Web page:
Red zone woes cost Ravens
November, 22, 2009
By James Walker | ESPN.com
AP Photo/Nick Wass
Joe Flacco's interception with under three minutes remaining cost the Ravens the game.
BALTIMORE -- The Baltimore Ravens' final offensive play in Sunday’s 17-15 loss to the Indianapolis Colts was awkward from the start.
Baltimore was threatening to take the lead with third-and-7 on the Colts' 14-yard line with 2:49 left in the game. But the Ravens were hurried at the line of scrimmage.
Baltimore had to decide whether to be conservative and run the football to set up a game-winning field goal, or pass to try for a first down or touchdown. Baltimore chose the aggressive play, but the Colts were prepared. Linebacker Gary Brackett made an interception covering Ravens tailback Ray Rice to seal the win for Indianapolis.
"I didn’t really think the guy that intercepted it was going to drop out the way he did," a surprised Flacco said. "It was a bad job by me. I might have been able to get Kelley [Washington] on the outside. I kind of rushed to get the ball snapped and made a bad decision."
The play was the final example of Baltimore continually being one step behind the Colts in the red zone Sunday. The Colts took the cliché of "bend but don’t break" to new levels in holding the Ravens to five field goals, despite Baltimore having no issues driving the football in between the 20s and putting up 354 total yards.
The Ravens were 0 for 4 in trips to the red zone, highlighted by Flacco's pick and three failed attempts to run the football from the Colts' 1 in the fourth quarter. Better execution in any of those four scenarios could have knocked the Colts (10-0) from the undefeated ranks and given the Ravens a marquee win that was sorely needed.
"We have to find a way to score touchdowns," Ravens offensive coordinator Cam Cameron said. "You can't attempt six field goals in a game like this, or potentially seven. You can’t do that."
Resorting to field goals against Peyton Manning will almost always result in a loss.
Manning (299 yards, one touchdown, two interceptions) had his issues with the Ravens' defense. But he was still able to orchestrate two masterful touchdown drives of 87 and 80 yards that made the difference.
According to ESPN’s Stats & Information, Manning was 5-of-7 with a touchdown and a 117.3 passer rating in the red zone against the Ravens. It was a stark contrast to Baltimore’s offensive production close to the goal line.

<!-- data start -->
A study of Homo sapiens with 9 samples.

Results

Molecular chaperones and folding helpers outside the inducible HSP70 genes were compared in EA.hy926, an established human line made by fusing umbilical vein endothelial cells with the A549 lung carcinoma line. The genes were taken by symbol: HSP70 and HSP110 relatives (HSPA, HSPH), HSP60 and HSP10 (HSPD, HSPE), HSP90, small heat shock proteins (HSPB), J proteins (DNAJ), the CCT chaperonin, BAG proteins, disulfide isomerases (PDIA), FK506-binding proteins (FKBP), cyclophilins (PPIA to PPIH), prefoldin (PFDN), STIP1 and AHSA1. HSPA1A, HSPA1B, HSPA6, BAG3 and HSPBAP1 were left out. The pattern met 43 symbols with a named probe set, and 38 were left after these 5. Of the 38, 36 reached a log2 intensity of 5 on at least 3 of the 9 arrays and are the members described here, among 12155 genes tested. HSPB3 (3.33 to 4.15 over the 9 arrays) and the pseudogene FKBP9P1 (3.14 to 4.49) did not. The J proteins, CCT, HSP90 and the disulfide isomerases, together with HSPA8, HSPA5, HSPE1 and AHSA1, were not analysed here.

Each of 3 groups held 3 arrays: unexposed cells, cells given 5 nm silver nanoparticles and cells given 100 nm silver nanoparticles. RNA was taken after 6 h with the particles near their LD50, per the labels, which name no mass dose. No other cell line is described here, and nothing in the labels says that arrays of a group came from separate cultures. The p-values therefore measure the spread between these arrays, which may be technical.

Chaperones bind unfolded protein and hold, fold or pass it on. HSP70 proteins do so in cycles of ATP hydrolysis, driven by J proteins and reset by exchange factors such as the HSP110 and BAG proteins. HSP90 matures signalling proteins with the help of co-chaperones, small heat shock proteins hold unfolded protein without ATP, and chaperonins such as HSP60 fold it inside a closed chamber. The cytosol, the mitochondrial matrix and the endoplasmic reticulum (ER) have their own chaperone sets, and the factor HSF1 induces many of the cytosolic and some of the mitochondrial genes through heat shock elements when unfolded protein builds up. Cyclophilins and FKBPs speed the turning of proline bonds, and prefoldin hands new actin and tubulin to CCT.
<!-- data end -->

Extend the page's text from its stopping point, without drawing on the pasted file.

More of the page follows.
"We scored touchdowns, they scored field goals," Manning said. "That was kind of the difference."
Adding to Baltimore’s plight was its inability to break off big runs. The Ravens rushed for 98 yards on 31 carries (3.2 yard average) and their longest run was 16 yards.
Baltimore got most of its yards through the air. Flacco threw for 256 yards and receiver Derrick Mason was the biggest target with nine receptions for 142 yards.
But the Colts tightened up in the red zone as the Ravens became easier to defend. Baltimore couldn't get many yards on the ground and the short field limited the team's options in the passing game.
"They’re not the No. 1 scoring defense in the NFL by accident at this stage," Cameron said of Indianapolis. "You have to give them some credit. We can execute better and I can do better."
The loss puts Baltimore’s playoff hopes on thin ice.
With six games to go, the Ravens (5-5) trail the Pittsburgh Steelers (6-4), Jacksonville Jaguars (6-4), Denver Broncos (6-4) and Houston Texans (5-4) in a crowded field for the AFC wild-card. It appears 10 wins could be the magic number this season, which means the Ravens would have to win at least five of their last six games.
It starts with a huge AFC North showdown next week against the Steelers. Both teams are coming off tough losses and still have to meet twice this season. Those games probably will determine the playoff fates of each club.
"That’s a tough loss and it will be tough to swallow, but you’ve got to move on," Ravens defensive lineman Dwan Edwards said. "You got Pittsburgh [next], and that’s a division rival and you need to try to get the 'W.' That’s all we can do."
Mason was blunt about Baltimore's prospects moving forward.
"We all understand what needs to happen now, we do," Mason said. "You can’t get in the playoffs unless you win 10 games or more, and 10 games don’t automatically put you in in the AFC.
"So we know the road ahead of us. We have to win every game from here on out, point blank."